Two die as rain storms lash central Switzerland

UPDATED: A woman and her daughter died in the canton of Lucerne as rain storms lashed the central part of Switzerland early Monday and late Sunday, causing flash flooding in several cities.

Two die as rain storms lash central Switzerland
Debris from flooding in Dierikon in the canton of Lucerne, where two people died in a basement home. Photo: Beat Kälin/SRF

Bern, the Swiss capital, Zurich and Lucerne were among the cities the hardest hit by the torrential rain, which followed a heat wave with temperatures above 30C.

A 32-year-old woman and her five-year-old daughter died in Dierikon in the canton of Lucerne, according to state broadcaster SRF.

The pair were surprised by flooding in the basement of their house and drowned, SRF reported, citing information from cantonal police. 

The heavy rain turned streets in the city of Lucerne into rivers, including the area near the train station.

The road to the Swiss Transport Museum in the city was closed because of high water and “manhole covers were washed away”, SRF said.

Elsewhere in the canton, a stream swelled beyond its banks in the village of Udligenswil, flooding the community, news agency ATS said.

The road between this village and Küssnacht was closed to traffic in both directions.

A mudslide cut the road linking Thun and Interlaken in the canton of Bern, while the Aar River threatened to overspill its banks in Bern, ATS reported.

In the city of Zurich and elsewhere in the canton fire fighters were called to deal with 350 cases of flooding.

Another landslide disrupted rail traffic between Birmensdorf and Zurich Altstetten, forcing the cancellation of numerous trains.

Swiss Federal Railways laid on a replacement bus service to assure links for passengers. 

The rain fell heavily in several regions but was of relatively short duration, according to national weather office MeteoSwiss.

The office is forecasting more thunderstorms on Monday afternoon in various parts of the country, including the Jura Mountains, the canton of Uri and the canton of Ticino.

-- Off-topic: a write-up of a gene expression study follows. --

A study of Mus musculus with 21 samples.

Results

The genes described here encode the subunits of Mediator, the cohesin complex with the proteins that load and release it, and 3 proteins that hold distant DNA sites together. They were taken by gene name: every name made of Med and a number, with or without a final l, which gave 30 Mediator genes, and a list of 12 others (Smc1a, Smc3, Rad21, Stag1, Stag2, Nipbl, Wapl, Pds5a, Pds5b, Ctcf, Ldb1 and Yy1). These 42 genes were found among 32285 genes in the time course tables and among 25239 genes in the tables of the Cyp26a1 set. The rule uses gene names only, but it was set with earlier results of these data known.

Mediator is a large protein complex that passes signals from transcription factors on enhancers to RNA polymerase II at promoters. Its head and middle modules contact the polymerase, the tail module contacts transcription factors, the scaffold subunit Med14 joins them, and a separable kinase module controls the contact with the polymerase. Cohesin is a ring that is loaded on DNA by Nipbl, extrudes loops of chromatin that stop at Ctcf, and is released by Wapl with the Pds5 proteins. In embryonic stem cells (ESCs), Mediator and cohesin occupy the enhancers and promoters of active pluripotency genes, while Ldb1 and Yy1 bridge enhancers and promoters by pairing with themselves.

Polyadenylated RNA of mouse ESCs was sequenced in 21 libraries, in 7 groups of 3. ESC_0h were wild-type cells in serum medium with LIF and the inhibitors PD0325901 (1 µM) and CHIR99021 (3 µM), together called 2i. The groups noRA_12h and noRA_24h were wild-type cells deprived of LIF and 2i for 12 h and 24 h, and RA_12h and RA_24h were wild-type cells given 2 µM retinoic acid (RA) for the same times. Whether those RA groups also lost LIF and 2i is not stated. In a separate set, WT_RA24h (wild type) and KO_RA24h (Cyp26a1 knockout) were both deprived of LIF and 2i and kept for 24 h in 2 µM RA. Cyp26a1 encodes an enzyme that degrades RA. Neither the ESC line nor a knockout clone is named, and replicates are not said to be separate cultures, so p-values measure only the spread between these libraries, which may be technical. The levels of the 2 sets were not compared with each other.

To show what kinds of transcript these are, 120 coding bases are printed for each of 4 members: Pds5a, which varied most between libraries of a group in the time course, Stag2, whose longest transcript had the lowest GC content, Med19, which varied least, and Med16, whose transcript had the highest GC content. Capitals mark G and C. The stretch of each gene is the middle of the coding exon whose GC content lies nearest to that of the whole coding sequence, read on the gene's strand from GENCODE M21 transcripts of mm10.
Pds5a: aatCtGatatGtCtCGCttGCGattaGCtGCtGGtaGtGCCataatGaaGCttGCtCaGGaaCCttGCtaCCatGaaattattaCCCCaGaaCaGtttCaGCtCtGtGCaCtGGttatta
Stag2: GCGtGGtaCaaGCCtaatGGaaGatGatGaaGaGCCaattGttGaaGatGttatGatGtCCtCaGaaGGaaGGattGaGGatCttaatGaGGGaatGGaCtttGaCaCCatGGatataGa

Some of Switzerland's best-known lakes are at their lowest level ever for August after a dry year so far in 2022, the environment ministry said on Wednesday.

Climate crisis: Swiss lakes at lowest-ever August levels

Some of Switzerland’s best-known lakes are at their lowest level ever for August after a dry year so far in 2022, the environment ministry said on Wednesday.

At the same time, discharge levels on the Rhine, one of Europe’s major rivers which starts in the Swiss Alps, have never been so low in August since records began.

“There is a low water situation in Switzerland, especially on the central plateau and in the southern part of Ticino,” the country’s southernmost canton, said Michele Oberhansli, from the Federal Office for the Environment’s hydrology division.

READ ALSO: Water flown in by helicopter: How Switzerland has been hit by drought

“The reason for the existing situation is a precipitation deficit in the whole year of 2022, which affects the whole of Switzerland, as well as many other European countries,” she told AFP.

Soil moisture is down across the country and drought is affecting forests and agriculture, she said.

Lakes Constance, Lucerne, Lugano and Walen “are currently recording water levels that have never been so low in an August month since measurements began”, said Oberhansli.

Meanwhile Lakes Zug and Maggiore “continue to show values well below average”.

The shores of Lake Maggiore mark the lowest point in Switzerland, normally at 193 metres above sea level.

READ ALSO: MAP: The Swiss regions in danger of wildfires and the measures in place to avoid them

Except the lakes in the Jura region in the northwest and Lake Thun, the levels of all the other larger Swiss lakes are also below the long-term average.

Rivers down, glaciers melting

Meanwhile many Swiss rivers are recording readings that only occur once every two to 20 years.

“Discharge values on the Reuss and Rhine have never been so low since measurements began in August,” said Oberhansli.

The hydrologist said rain over the coming days should “slightly alleviate” the low water and drought levels, but would “not yet be sufficient to ease the overall situation”.

Following a dry winter, the summer heatwaves hitting Europe have been catastrophic for Switzerland’s Alpine glaciers, which have been melting at an accelerated rate.

READ ALSO: IN PICTURES: Runners take on Swiss glacier race despite melt

A layer of ice — 15 metres thick in 2012 — has covered the Tsanfleuron Pass between two glaciers since at least the Roman era.

But most of it has gone and the ice on the pass will have melted away completely by the end of September, a ski resort said last week.